The Privacy and Civil Liberties Oversight Board is holding its first public meeting outside Washington at Philadelphia’s National Constitution Center to examine surveillance activities under E.O. 12,333 that are directed at international terrorism. A livestream will be available at the PCLOB’s website; my statement to the Board can be found here. My friend and Lawfare colleague Bobby Chesney and I are both appearing.
The job of lawyers and privacy officials is the intelligence community is to administer the two basic systems of oversight first established by the Church Committee reforms of the 1970s: the Foreign Intelligence Surveillance Act and E.O. 12,333. In my experience, E.O. 12,333 is the more important of the two, although it receives much less attention.
E.O. 12,333 governs activities that are not regulated by statute and do not require a court order. As a result, those activities are less well documented, as a practical matter less transparent – even by the standards of classified programs, and are therefore subject to less rigorous oversight. They involve at most two branches of government – the Executive and Congress. Realistically, they usually involve only the Executive.
As a lawyer inside the Executive Branch providing advice on intelligence activities, I found myself turning to E.O. 12,333, and the AG guidelines for each agency required by that order, far more often than I did to FISA or other statutes. For us, E.O. 12,333 and the AG guidelines provided the only real source of legal guidance for most of what intelligence agencies do.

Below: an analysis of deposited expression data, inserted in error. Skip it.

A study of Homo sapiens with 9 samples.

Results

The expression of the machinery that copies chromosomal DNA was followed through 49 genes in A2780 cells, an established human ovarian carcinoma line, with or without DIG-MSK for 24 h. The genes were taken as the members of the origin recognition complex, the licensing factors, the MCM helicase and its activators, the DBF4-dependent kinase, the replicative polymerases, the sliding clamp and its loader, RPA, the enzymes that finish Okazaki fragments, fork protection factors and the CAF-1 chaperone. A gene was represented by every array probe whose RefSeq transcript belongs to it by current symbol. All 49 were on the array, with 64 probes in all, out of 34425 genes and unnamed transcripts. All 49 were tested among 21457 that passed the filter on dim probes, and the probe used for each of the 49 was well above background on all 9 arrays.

Since the Snowden revelations began in 2013, there has been debate here and abroad about surveillance reform. While much of the debate in this country about surveillance reform has focused on bulk collection of telephone records and other FISA activities, in the rest of the world the attention has been on continuing revelations of a variety of NSA activities conducted overseas under E.O. 12,333. These include reports of very intrusive activities, like collection of massive quantities of communications – the practice the government calls bulk collection, and critics call mass surveillance – and alleged activities that undermine encryption or security of communications systems.
President Obama has addressed some of these concerns in Presidential Policy Directive 28 (PPD-28), issued last year and implemented this year. PPD-28 limits bulk collection to six specified national security threats, including international terrorism, and for the first time requires intelligence agencies to have guidelines that protect the privacy of foreign citizens. I discuss PPD-28, and make recommendations for further reforms, in my recent Foreign Affairs article, “The Good News About Spying.”